Liberia's story is truly one of the real tragedies of our times, and the Liberians need aid as much as anyone on the planet.
The NYT ran a piece yesterday, "Seeing the Forest for the Peace", which explores the idea of "trading" Liberians extended peacekeeping and nationbuilding assistance for commitments to preserve rainforest:
"It would be a sort of Peace for Nature swap, based on the Debt for Nature model in which third world countries receive debt relief for conserving their natural heritage. Under Peace for Nature, Liberia would convert a significant part of itself into a United Nations biosphere reserve, zoned for both strict preservation and multiple use.
"In return, the world would commit to a sustainable, lasting Liberian peace instead of the usual Band-Aid approach. This means a full 20 years, long enough to establish a habit of peace and to educate a new Liberian generation. We would ensure security through the United Nations, meanwhile training Liberians to do the job themselves, including retooling former fighters as park guards. We would also help bring electricity and piped water to their capital, Monrovia, and a few interior towns. Liberia's potential for ecotourism and certified timber production will be fulfilled over time, as its image transforms from red (blood diamonds) to green (rain forests)."
Given both the humanitarian imperative and the self-interest we have in intervening in failed states, I'm not sure this idea passes muster.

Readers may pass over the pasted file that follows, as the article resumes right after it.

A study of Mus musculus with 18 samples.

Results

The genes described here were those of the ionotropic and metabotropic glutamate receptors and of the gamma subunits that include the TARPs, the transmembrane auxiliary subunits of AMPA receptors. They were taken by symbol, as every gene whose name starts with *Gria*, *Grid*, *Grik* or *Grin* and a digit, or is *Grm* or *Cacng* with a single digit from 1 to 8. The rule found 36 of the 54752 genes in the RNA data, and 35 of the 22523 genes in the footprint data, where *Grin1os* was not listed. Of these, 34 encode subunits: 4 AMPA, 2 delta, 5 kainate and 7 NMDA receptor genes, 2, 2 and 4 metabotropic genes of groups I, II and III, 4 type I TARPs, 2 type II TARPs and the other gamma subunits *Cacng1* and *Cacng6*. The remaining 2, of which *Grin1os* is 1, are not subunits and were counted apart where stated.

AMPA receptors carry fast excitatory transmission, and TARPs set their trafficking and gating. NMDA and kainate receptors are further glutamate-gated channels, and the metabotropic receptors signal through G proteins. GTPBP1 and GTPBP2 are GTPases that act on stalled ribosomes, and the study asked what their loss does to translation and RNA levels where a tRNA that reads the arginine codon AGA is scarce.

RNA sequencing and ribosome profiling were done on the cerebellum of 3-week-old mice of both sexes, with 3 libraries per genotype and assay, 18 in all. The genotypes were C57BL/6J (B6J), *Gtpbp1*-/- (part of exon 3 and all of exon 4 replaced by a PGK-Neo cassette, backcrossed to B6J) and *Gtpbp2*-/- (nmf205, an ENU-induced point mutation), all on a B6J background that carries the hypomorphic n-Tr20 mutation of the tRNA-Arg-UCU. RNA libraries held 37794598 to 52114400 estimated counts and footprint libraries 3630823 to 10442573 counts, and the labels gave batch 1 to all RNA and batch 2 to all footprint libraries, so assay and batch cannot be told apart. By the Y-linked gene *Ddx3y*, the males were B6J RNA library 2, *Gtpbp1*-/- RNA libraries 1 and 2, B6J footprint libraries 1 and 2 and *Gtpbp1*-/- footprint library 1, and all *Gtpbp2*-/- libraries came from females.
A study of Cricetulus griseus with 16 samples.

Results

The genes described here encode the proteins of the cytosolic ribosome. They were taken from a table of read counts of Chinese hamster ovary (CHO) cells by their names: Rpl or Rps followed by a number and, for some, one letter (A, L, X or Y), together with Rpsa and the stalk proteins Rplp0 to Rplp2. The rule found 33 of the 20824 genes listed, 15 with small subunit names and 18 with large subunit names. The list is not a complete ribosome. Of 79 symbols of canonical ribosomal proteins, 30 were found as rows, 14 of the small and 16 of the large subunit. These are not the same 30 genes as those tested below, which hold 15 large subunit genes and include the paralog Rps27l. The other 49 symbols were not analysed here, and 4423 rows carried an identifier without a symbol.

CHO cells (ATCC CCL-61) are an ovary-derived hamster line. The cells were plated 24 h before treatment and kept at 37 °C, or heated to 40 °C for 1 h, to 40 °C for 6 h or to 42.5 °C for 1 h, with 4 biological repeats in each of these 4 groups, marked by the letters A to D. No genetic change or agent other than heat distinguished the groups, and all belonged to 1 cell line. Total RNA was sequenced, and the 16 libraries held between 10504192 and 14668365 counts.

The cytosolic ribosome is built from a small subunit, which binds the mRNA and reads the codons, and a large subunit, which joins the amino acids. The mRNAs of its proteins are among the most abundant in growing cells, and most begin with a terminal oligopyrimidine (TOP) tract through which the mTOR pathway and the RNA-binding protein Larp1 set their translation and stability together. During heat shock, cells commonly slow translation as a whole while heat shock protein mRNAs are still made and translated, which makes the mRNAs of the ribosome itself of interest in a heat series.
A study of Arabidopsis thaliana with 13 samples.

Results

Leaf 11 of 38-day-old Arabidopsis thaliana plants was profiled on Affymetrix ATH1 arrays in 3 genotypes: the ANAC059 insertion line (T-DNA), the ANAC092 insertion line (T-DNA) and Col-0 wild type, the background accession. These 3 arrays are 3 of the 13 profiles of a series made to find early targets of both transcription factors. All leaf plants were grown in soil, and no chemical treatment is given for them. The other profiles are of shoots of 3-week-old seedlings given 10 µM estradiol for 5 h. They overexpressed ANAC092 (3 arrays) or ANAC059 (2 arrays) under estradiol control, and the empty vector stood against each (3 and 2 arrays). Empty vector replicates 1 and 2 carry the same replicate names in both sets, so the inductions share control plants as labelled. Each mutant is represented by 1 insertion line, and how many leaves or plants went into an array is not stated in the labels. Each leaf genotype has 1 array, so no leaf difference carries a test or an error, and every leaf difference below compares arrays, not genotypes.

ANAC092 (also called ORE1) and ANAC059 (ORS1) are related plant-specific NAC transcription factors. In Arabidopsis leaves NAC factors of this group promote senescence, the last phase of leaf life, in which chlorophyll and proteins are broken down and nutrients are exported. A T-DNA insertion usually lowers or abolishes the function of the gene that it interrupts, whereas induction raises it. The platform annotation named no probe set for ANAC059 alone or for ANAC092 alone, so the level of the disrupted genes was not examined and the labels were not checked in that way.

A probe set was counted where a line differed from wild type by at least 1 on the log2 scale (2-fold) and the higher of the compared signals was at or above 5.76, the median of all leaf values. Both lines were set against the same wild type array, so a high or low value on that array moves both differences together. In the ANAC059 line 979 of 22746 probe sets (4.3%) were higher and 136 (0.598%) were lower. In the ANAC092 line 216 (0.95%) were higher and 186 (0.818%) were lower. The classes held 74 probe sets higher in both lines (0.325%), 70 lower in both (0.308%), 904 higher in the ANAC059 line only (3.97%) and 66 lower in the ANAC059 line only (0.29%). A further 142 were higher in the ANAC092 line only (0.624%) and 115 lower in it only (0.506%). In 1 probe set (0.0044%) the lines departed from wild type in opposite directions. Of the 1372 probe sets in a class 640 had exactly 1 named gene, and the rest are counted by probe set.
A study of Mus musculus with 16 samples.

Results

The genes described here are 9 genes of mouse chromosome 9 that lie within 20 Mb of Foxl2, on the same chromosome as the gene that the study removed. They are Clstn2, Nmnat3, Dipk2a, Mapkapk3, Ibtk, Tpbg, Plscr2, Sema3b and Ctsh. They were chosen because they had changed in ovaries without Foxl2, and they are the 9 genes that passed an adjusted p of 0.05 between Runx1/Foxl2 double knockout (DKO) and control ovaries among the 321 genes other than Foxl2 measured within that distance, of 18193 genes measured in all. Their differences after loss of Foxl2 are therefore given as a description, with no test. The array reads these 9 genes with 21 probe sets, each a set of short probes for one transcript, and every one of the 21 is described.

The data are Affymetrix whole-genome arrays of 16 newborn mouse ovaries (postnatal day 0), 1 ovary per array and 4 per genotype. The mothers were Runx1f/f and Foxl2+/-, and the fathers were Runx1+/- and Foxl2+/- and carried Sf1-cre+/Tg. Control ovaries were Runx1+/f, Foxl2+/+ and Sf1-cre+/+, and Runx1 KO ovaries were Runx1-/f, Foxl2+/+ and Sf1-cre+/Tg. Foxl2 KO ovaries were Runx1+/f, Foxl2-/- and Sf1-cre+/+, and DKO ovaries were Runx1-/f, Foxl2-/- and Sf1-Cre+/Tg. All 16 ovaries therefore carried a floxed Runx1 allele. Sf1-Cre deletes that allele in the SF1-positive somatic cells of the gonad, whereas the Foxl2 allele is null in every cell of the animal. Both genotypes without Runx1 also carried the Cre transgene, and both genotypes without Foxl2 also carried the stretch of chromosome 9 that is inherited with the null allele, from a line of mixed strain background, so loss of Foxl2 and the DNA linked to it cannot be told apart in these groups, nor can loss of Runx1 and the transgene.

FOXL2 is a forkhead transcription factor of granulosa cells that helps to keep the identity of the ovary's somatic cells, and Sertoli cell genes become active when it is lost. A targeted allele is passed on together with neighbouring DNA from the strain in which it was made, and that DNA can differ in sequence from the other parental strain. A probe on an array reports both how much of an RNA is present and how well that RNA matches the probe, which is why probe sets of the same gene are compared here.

Still, when I read reports like Tim Butcher's Re-charting the Mighty Congo, I think we may need every tool we can get our hands on:
"United Nations peacekeepers and aid workers do not venture into these parts, the stronghold of black magic-using Mai Mai rebels and murderous Interahamwe fugitives from Rwanda. So I was petrified when I left the lake on a small motorbike, picking my way along 18in (45cm) wide tracks.
"I passed a village where a skull and other human bones lay thick on the ground... the result of some forgotten, bloody skirmish. I biked through burnt-down, abandoned villages and caught the occasional glimpse of people in rags who ran away, terrified of outsiders. In 600 miles I saw not one other working motorised vehicle. I met village elders who told me VW beetles used to pass regularly in the 60s but now their own teenage children had never seen a car.
"This is a part of the world in regression. The hands of the Congolese clock are not just standing still, they are spinning backwards."
This is colonialism and paternalism of the usual kind. How obscene. Next, please.